I am looking to build a couple of things from left-over wood from a
recent addition to our house. I was thinking of Bird houses and Bat
houses, as well as cold Frame and a vegetable garden fence. But I
have a couple of questions.
1) Is it safe to use building contruction wood (plywood, studs,
etc.)? It is very likely that some of teh wood has been traited with
various chemicals... (I have no way to verify that...)
2) What is the best way to protect the various items from the rain,
sun, etc? What is the best paint? dye? etc. Anything that would be
safe for the environment?
3) Also I have leftover shingles (with an asphalte base), would these
be safe for the roof cover of the bird/bat houses?
Any suggestions is welcome!
On Mon, 10 Sep 2007 22:46:21 -0700, save firstname.lastname@example.org wrote:
Don't use pressure treated materials. You can tell by smelling the
wood--it has a chemical smell. Untreated wood smells "natural."
Interior ply and studs are safe. Use exterior paint, but only for the
exterior of the birdhouse. The inside should be left unfinished. A
shingle on top will extend the life of the birdhouse. Allow the
birdhouse to age a few months before use.
The plywood is held together by glue. I guess (based on wikipedia)
that it is usually urea-formaldehyde glue (interior plywood) or
phenol-formaldehyde glue (exterior plywood). I didn't look up a
material safety data sheet or anything too detailed, but even if this
stuff isn't super for the environment, I don't think it will poison
your birds (at least, many birdhouse plans call for it), plants, etc.
As for the studs, assuming they are indoor studs (whiteish and smell
like wood) they aren't treated (not much anyway). The nasty treated
stuff is greenish and smells like, well, chemicals for lack of a
better word. Your builders might have used it for the bottom of a
wall (in contact with the foundation), exterior work like decks, etc,
but they shouldn't have used it for normal framing of walls and such.
It lasts longer outdoors but I don't use it. Too much potential
hazard for the plants, me, the dogs, beneficial insects, etc.
One good choice for the environment is just to leave the plain wood.
It will turn grey but won't rot especially fast as long as it stays
dry. Where you are likely to get rot is where the wood is in contact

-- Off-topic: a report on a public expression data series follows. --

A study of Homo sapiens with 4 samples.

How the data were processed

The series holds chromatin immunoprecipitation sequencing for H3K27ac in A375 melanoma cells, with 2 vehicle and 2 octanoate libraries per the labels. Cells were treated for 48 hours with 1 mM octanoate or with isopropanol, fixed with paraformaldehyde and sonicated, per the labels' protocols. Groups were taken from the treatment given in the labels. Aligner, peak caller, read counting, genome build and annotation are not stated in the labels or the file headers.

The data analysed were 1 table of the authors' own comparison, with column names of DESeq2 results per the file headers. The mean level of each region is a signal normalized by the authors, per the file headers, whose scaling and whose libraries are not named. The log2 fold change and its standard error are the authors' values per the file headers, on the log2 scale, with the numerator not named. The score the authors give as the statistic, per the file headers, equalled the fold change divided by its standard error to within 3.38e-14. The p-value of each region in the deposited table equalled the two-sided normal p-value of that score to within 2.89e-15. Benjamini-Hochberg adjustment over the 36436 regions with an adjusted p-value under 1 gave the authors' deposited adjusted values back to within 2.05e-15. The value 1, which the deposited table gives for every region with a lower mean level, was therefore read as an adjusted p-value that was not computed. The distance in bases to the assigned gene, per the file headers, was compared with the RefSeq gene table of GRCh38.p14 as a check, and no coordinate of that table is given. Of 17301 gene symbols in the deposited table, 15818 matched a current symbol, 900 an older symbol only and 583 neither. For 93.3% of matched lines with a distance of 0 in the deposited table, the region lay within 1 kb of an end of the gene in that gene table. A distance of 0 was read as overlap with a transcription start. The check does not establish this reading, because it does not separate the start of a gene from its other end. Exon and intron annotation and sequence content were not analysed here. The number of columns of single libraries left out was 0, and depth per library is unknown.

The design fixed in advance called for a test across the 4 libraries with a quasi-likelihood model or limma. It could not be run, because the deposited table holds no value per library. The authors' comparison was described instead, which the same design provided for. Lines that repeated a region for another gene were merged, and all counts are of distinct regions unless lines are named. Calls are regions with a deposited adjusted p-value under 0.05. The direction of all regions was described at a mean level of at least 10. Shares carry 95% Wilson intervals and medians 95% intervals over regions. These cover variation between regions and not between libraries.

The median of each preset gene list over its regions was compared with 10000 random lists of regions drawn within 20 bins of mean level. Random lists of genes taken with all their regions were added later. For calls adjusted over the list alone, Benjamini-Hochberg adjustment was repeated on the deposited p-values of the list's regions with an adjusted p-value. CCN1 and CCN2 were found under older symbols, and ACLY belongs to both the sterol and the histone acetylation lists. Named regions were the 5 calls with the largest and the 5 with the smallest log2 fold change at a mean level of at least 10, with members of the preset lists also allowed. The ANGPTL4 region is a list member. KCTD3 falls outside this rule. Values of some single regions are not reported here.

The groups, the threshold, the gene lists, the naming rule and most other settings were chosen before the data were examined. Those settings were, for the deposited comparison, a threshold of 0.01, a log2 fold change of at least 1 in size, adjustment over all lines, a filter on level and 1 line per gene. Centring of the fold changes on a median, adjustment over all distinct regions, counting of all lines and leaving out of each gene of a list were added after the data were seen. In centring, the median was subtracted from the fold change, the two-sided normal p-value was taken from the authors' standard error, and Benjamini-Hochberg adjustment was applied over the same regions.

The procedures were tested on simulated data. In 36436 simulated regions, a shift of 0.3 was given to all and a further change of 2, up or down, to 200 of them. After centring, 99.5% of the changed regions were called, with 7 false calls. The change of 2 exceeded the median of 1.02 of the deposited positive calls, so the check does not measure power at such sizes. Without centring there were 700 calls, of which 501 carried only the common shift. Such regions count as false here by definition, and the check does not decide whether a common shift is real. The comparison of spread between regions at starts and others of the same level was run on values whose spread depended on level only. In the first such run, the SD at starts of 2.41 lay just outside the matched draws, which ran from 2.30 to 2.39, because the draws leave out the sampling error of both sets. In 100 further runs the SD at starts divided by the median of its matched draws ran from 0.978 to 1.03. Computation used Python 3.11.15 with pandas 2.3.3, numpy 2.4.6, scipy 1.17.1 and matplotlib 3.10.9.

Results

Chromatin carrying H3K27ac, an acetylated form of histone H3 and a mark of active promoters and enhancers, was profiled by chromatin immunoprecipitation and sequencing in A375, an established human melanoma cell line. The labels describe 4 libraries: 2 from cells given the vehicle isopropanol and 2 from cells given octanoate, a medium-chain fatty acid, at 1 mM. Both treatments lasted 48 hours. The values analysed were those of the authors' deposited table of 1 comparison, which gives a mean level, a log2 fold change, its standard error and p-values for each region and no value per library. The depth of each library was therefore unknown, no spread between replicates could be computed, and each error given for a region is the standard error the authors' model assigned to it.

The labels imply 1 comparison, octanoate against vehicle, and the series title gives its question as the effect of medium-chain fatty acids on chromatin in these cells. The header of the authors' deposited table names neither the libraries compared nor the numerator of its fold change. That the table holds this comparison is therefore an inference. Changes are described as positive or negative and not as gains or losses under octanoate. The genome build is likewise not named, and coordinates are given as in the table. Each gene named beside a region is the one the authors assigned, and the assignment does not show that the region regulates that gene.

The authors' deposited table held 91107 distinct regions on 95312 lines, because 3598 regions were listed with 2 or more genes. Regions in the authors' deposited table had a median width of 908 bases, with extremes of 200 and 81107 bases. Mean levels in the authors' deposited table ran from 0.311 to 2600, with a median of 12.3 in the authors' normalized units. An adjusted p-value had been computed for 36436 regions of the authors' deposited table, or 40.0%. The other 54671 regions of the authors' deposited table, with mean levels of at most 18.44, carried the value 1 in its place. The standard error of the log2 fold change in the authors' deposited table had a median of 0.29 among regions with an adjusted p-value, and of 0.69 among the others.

with the soil (paint can only help so much with this) or anything else
that will not let it dry out.
Linseed oil is generally considered the environmental choice if you do
want a finish.
If you were shopping for shingles and an eco-friendly product were
your priority, you might choose something else (see
http://www.greenlivingjournal.com/page.php?p 08 for a long
discussion with lots of pros and cons). But I don't think there is
anything especially toxic about the asphalt.
My thoughts are a garden fence is seldom a privacy fence, so you're talking
fence posts. Not rails, stiles, and such. If that's the case, treated
lumber is needed.
Most treated lumber has a greenish tint to it. But, not all. Any hardware
used for attaching anything to treated lumber should be stainless steel, or
zinc coated steel at the least. Should not be used to frame a birdhouse as
chemicals in it tend to gas and leech from the wood.
All wood will eventually rot, including treated lumber. More so left out in
All painted, varnished, and water-sealed lumber should be left to dry in sun
for a few months if for a birdhouse. Do not expose to rain or excessive
moisture conditions during that time.
All painted surfaces exposed to weather will eventually need repainting.
Sometimes, an overlooked area will flake before noticed resulting in rot and
exposure to the elements. A wood that will hold up best is cedar or redwood
so you can catch it in time.
For a birdhouse, I would not worry about the small amount of residue from
any coating I used on it affecting the environment. More important, will it
affect the birds themselves?
Both asphalt and composition/fiberglas shingles have asphalt in it. Both
are safe for the roof covering of a birdhouse. Google "birdhouse plans".